A parent’s guide to, the music video app your teen is probably using

Worried about what your teen is doing on a cellphone? Don't know how to use the apps they use? Here's a step-by-step guide on how to use a music video app many teens are obsessed with.

A parent’s guide to, the music video app your teen is probably using

Worried about what your teen is doing on a cellphone? Don't know how to use the apps they use? Here's a step-by-step guide on how to use a music video app many teens are obsessed with.


  • " is a DIY music-video making app, where users (or 'musers,' as they're called) create 15-second videos of themselves lip-syncing and dancing along to popular music," Tech Insider reports. "You can 'heart' videos and create digital duets with your 'BFFs,' or people you follow and who follow you back."

  • But isn't just for music videos. As their tumblr account explains, "Every day, millions of people use as an outlet to express themselves through singing, dancing, comedy, and lip-syncing. The app celebrates creativity with videos recorded in 15 seconds or less and shared across the community."

  • According to their tumblr, was first made available in October 2014 and is available in both the iOS App Store and in the Google Play store. users are known as "musers" and and the app allows musers to share their videos not only on but also on other social media platforms like Instagram and Vine.

  • In an interview with Forbes magazine, the app's co-founder, Alex Zhu, said he "spent 16 years in design and product management for enterprise computing. But what really interested him was building a community; bringing people together."

  • According to Zhu, started out of the ashes of a different project where users created three-to-five-minute videos explaining a variety of topics. The project failed after six months because the videos just weren't engaging enough, especially where young people are concerned Zhu explained.


  • Because, as Zhu said, young people are most likely to be early adopters of new communities and technology, is marketed specifically to teens and has a clean, hip interface with a handful of options, but not so many it becomes overwhelming.

  • "More than 80 million people have registered, mostly teens," Tech Insider reports. "If the target demographic isn't abundantly clear from scrolling through the featured videos, the app also reminds you during sign-up, when it enters 2000 as the default birth year."

  • So instead of minutes long videos on educational subjects, the videos are seconds long and feature music and video taken by the user. looks a lot like Vine and Snapchat, but with a few other features.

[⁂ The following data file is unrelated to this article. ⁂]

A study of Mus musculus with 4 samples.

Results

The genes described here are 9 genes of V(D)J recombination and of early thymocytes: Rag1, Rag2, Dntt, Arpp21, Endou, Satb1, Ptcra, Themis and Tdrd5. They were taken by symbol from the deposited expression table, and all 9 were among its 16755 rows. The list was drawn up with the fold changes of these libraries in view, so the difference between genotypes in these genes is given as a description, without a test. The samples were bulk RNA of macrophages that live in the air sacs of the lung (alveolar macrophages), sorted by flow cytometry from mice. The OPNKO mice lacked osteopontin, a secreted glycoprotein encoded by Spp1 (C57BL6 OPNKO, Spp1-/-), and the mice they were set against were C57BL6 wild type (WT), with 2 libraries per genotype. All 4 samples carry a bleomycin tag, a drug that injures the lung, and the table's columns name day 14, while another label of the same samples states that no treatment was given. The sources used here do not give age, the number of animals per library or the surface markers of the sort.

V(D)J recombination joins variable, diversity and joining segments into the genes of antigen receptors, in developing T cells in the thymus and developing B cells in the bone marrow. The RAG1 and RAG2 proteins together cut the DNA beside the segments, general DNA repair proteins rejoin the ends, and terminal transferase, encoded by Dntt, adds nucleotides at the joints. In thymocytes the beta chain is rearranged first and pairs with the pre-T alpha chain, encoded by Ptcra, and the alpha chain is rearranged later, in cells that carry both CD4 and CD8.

• According to The Daily Dot, is "fairly intuitive" and easy to use. These are the steps they outline for becoming a master muser.

  • Download the app

  • As stated above, can be found in both the iOS App Store and in Google Play. Once downloaded, you'll need to make an account, using either an email address, Facebook or Twitter.

  • admits on its tumblr page that there are some issues with the app for some Android users, but says it is working on fixing any bugs.

  • Tap around

  • One of the best ways to get familiar with any app is to just tap around in it and explore for a minute. OneHowTo, a tech tutorial site, explains the options musers will find on the app's home screen.

  • "At the top, you can see three options: follow, which shows you videos from friends and other people you follow; featured, which shows you the most popular and trending videos, and my city, which shows you videos from other users located nearby," OneHowTo wrote. "You can follow a user at any time by clicking on their name and accessing their profile. Along the bottom of the screen there are further options to explore the different features of"

  • The other buttons include options that allow musers to search videos, create their own, view notifications on their posts, and visit their own profile, according to OneHowTo.

  • Try it out

  • "Once you're ready to make your debut, tap the plus sign on the yellow button, which will bring up the option to pick music for your video, shoot your video, or import a video from your media library," The Daily Dot said. "While a majority of musers create lip sync videos, you can also shoot GIFs and set them to music by tapping 'shoot first' then 'live moment.' You can also dub scenes from movies or television. To do so, find tracks in the app's online library, or upload the video file to your phone's library."


  • "This part is a little confusing once you start filming, but think of it as an inverse: The faster you want your video to appear on settings 'fast' and 'lapse,' the slower your track will play back while you're filming," The Daily Dot reports. "Similarly, the slower you want the video to appear on settings 'slow' or 'epic,' the faster your track will play while filming."

  • Daily Dot suggests playing with the speed of a video, reporting that some interesting videos can be achieved through speeding up and slowing down the movement.